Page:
Texas Attorney General Fights SEC Case

     SHERMAN, Texas (CN) — Texas Attorney Ken Paxton asked a federal judge on Friday to dismiss the SEC’s second lawsuit accusing him of ripping off investors in a tech company, saying it lacks legal basis.
     The SEC sued Paxton in April, claiming he did not tell investors in McKinney-based Servergy, a computer server company, that he was paid commissions to promote the company.
     U.S. District Judge Amos Mazzant dismissed that complaint on Oct. 7, ruling that Paxton “did not have a legal obligation to disclose his financial arrangements,” and finding no plausible claim under federal securities laws.
     The SEC filed an amended complaint three weeks later. It claims Paxton raised more than $480,000 and was given 100,000 shares of stock while he was a member of the Texas House of Representatives.
     “Paxton characterized this payment at various times as an investment for which he paid $100,000, as compensation for legal services, and as a gift in order to disguise or conceal its true nature from the investors that he recruited, from federal regulators, and from the public,” the amended complaint states. “In reality, Paxton’s undisclosed arrangement with Servergy violated the explicit expectations of some investors and a duty he owed to others he solicited.”
     In his 35-page motion to dismiss, Paxton again claims that the SEC has failed to plead any misstatements he made and that the changes the SEC made fail to support a fraud claim.
     “In its ruling on Mr. Paxton’s first motion to dismiss, the court held that the alleged statements by Mr. Paxton referring to Servergy as a ‘great company,’ a ‘great investment’ and an ‘interesting investment opportunity’ were ‘puffing statements that are immaterial as a matter of law’ and cannot support a securities fraud action,'” the motion states.
     “The amended complaint simply repeats those allegations and then adds argument that these puffery statements ‘implied that [Mr. Paxton] had undertaken some level of diligence.’ … In any event, immaterial puffery cannot, as a matter of law, create the implication for which amended complaint argues.” (Brackets, but not ellipsis, in original.)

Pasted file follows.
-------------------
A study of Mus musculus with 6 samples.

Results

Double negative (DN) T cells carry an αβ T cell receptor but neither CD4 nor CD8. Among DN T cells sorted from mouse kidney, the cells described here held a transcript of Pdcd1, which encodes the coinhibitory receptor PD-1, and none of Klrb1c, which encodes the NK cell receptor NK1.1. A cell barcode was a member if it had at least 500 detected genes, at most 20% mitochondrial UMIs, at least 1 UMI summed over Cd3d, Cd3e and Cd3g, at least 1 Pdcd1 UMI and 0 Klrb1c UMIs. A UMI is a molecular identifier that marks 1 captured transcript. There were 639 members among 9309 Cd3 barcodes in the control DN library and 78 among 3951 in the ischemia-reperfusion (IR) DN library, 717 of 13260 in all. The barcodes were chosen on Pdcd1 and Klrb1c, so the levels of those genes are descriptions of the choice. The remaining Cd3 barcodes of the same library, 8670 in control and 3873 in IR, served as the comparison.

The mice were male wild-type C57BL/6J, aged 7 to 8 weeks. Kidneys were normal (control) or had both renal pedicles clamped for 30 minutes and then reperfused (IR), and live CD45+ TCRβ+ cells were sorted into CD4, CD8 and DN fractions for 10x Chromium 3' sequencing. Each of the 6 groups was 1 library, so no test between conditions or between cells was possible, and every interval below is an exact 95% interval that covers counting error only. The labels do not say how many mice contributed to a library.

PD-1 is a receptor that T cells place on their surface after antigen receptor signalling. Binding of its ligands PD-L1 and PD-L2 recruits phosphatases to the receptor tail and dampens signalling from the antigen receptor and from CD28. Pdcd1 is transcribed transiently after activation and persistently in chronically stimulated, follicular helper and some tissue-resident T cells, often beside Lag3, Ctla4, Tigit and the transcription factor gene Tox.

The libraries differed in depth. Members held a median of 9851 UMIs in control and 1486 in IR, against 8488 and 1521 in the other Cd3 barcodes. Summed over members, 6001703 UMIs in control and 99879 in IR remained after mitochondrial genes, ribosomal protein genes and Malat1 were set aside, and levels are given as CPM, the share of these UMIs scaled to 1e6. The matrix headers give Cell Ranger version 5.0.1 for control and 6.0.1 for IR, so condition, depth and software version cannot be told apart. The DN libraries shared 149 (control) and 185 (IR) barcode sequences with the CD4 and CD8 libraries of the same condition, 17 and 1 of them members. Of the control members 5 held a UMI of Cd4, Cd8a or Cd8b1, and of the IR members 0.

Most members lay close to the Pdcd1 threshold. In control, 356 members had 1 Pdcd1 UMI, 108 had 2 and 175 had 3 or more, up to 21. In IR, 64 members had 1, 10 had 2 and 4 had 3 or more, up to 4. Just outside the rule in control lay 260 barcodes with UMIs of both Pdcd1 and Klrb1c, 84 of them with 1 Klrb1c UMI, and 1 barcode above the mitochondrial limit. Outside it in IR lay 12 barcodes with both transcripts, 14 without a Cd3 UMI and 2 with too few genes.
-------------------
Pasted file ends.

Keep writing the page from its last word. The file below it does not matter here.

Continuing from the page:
Paxton says the SEC has again failed to plead facts giving rise to a duty to defend, that a defendant “does not commit securities fraud merely by failing to disclose all nonpublic material information in [his] possession.” (Brackets in original, citing Ind. Elec. Workers’ Pension Trust Fund IBEW v. Shaw Grp., Inc., 537 F.3d 527, 541 (5th Cir. 2008).)
     Paxton’s attorney, Matthew Martens with Wilmer Hale in Washington, D.C., told Courthouse News on Friday that the court found that the SEC’s original complaint “had no legal basis.”
     “Our motion to dismiss filed today explains why the SEC’s new complaint fares no better,” Martens said in a statement. “The reason is simple: Mr. Paxton did not commit securities fraud.”
     Paxton’s legal troubles began in August 2015 when a Collin County grand jury indicted him on two first-degree felony counts of securities fraud and a third-degree felony count of failing to register with the Texas State Securities Board. The allegations in the state criminal case closely mirror those in the SEC’s federal civil case. If convicted of the criminal charges, Paxton faces up to 99 years in state prison.
     Paxton’s criminal defense attorney, Bill Mateja with Polsinelli in Dallas, said Friday: “The SEC’s ‘do-over’ illustrates the weakness of its case and begs the question: If their new information is so significant, why are we now just hearing about it?”